As news of another strain of late blight (Phytophthora infestans) with resistance to a widely used fungicide emerges, growers are being reminded that such a situation may have been avoided if the principles of IPM had been more widely practiced.
On the 6th January 2023, researchers from the University of Aarhus in Denmark released the results of a study showing that five geographically diverse isolates sampled from Danish crops in 2022 and belonging to the genotype named EU_43_A1 were completely resistant to mandipropamid. EU_43_A1 was first identified in Denmark in 2018 and subsequently accounted for 21% of samples in 2021 and 45% of samples in 2022. It was also detected in the Netherlands and Belgium during 2022.
Mandipropamid, the active substance contained in Revus, is a member of the Carboxylic Acid Amides (CAA) group which also contains other actives used for protection against late blight. EU_43_A1 is the first strain of P. infestans reported to have resistance to a CAA fungicide. Cross resistance to others in the CAA-fungicides group is likely, including dimethomorph, benthiavalicarb and valifenalate. This means that the finding has a bearing on 50% of fungicides used in a typical GB late blight programme during the season.
Eric Anderson, Scottish Agronomy senior agronomist, said that while actives with different modes of action were still fully effective against late blight, it was critical that the over-reliance on a single substance did not exacerbate the likelihood of resistance developing to the remaining fungicides.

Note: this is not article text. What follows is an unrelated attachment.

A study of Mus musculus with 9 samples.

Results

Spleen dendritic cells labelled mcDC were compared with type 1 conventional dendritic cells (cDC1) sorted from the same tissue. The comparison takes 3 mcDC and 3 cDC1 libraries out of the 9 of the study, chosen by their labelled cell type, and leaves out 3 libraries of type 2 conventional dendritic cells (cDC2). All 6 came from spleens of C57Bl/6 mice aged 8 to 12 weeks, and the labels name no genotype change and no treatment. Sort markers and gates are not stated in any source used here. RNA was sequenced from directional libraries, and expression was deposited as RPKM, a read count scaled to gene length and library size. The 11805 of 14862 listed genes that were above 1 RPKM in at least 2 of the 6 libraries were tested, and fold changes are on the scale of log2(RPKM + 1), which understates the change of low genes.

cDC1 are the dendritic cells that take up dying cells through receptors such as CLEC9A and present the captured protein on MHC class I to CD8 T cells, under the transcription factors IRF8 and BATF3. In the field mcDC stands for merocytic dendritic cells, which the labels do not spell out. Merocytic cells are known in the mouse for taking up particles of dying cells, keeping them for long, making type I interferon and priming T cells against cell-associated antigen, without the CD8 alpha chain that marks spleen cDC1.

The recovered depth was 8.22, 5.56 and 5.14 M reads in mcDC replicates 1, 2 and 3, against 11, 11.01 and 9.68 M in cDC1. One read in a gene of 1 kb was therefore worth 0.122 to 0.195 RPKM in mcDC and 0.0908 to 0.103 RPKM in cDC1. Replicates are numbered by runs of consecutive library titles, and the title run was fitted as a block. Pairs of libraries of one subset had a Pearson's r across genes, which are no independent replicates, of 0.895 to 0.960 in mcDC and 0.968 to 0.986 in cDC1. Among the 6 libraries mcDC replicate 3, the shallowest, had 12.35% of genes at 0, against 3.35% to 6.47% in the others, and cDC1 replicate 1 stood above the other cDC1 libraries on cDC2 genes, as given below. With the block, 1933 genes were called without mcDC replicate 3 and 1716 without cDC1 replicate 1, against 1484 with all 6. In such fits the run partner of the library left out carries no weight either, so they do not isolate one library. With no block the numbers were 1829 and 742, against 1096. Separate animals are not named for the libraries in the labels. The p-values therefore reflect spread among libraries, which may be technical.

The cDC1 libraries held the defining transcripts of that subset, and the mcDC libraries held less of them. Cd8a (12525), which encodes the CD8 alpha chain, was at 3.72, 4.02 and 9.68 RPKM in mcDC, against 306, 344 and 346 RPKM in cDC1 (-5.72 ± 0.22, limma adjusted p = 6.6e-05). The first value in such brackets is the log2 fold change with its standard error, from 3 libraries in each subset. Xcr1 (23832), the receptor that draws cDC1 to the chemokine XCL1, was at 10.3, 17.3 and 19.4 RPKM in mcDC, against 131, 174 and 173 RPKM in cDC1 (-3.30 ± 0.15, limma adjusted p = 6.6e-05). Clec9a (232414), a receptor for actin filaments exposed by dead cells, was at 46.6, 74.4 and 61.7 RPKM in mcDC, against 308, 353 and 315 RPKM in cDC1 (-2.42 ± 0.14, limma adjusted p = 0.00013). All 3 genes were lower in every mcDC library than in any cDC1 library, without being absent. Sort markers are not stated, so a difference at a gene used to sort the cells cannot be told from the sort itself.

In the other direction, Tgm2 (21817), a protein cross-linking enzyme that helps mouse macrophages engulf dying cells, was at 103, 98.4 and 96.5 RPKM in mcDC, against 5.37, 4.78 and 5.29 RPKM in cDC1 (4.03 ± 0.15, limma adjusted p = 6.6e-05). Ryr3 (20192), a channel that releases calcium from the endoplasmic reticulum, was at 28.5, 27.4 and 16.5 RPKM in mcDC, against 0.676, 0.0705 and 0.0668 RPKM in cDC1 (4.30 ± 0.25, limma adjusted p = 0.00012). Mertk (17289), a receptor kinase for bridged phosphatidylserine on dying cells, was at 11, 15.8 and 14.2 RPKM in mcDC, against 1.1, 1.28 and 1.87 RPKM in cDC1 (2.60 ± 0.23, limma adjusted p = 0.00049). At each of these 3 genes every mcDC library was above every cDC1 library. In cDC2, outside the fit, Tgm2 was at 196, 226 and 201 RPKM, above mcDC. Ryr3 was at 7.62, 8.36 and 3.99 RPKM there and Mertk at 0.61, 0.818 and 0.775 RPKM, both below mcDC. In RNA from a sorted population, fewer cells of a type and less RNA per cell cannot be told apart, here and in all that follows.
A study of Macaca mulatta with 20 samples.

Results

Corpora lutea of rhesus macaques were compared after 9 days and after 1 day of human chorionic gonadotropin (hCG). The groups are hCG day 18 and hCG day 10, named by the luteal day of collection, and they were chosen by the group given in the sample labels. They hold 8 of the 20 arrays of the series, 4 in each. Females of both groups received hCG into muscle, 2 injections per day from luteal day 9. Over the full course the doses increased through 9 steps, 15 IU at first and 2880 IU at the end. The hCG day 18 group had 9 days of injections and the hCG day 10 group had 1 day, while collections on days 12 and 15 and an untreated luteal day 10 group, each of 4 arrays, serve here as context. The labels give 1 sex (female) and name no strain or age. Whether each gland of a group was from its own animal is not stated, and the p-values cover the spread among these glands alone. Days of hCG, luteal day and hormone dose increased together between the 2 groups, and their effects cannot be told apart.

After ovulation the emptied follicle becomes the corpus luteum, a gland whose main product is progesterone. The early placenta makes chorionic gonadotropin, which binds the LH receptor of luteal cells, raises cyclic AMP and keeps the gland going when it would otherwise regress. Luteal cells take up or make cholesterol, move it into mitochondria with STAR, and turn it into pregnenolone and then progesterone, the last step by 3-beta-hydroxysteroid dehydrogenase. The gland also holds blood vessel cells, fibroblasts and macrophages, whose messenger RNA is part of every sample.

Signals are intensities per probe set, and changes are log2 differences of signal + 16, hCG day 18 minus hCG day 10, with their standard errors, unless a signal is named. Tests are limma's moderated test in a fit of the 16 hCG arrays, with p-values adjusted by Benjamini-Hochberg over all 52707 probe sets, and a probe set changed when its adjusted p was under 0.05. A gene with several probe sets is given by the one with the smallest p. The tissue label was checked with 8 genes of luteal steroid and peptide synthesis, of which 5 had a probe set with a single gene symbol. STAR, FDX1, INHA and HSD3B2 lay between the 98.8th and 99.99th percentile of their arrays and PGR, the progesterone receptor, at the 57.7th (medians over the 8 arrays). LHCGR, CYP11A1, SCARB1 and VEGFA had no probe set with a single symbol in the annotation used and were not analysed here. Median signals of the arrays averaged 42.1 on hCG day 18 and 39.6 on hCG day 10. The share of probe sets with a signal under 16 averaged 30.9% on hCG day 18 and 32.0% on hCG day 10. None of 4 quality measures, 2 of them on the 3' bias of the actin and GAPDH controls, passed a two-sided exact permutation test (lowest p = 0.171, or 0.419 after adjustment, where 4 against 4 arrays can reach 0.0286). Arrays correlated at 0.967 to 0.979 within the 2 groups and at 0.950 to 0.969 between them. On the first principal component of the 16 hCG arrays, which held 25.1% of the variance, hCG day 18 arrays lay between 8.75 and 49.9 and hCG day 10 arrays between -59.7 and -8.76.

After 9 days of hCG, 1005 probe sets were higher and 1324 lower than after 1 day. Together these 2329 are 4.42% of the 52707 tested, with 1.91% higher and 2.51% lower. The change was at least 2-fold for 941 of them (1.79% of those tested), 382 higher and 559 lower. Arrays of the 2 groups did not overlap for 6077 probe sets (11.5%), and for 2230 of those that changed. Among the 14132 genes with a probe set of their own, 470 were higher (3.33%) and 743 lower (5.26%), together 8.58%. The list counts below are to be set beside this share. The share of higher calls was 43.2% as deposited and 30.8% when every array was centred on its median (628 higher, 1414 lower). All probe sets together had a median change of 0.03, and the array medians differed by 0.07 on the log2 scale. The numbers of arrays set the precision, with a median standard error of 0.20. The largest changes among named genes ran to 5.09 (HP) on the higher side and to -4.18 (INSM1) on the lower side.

“Mixes of products from different mode of action groups are essential to protect crops and preserve the efficacy of these products for future seasons. Alternation between mixes is equally essential to prevent resistance developing. Therefore, alternation and mixtures are required to be able to prevent and fight late blight and at the same time maintain the effect of the remaining modes of action. For this reason, growers should avoid using products such as Shirlan, Ranman Top, Revus or Carial Flex without inclusion of another at an effective dose and belonging to an alternative mode of action,” Mr Anderson says.
That a new strain should first occur in Denmark was not a surprise, but there were lessons still to be learned, he said.
“It’s a basic principle of IPM that products containing only a single mode of action should be mixed before application to reduce the risks of resistance and preserve efficacy for future years. We are fortunate in the UK that we have enough products to alternate between applications. In Denmark, there are fewer actives approved for late blight protection in potatoes, so it is perhaps not surprising that resistance has been detected to one,” he says.
“It should serve as a warning to other growers of the risks that come when we apply selection pressure by over reliance on single products. The latest case is an exact repeat of what happened with fluazinam in 2016 and is another reason why near-market research of the sort undertaken by the Fight Against Blight is vital to sustaining the economic viability of the sector,” he adds.
Data from the FERA Pesticide Usage Survey for 2020, the last year in which potatoes were surveyed, reveals that nearly 29,000 kg of mandipropamid were applied. This compares with nearly 25,000 kg of cyazofamid, another widely used active substance valued for its role in the rapid crop canopy phase of the season and when crops need protecting against tuber blight.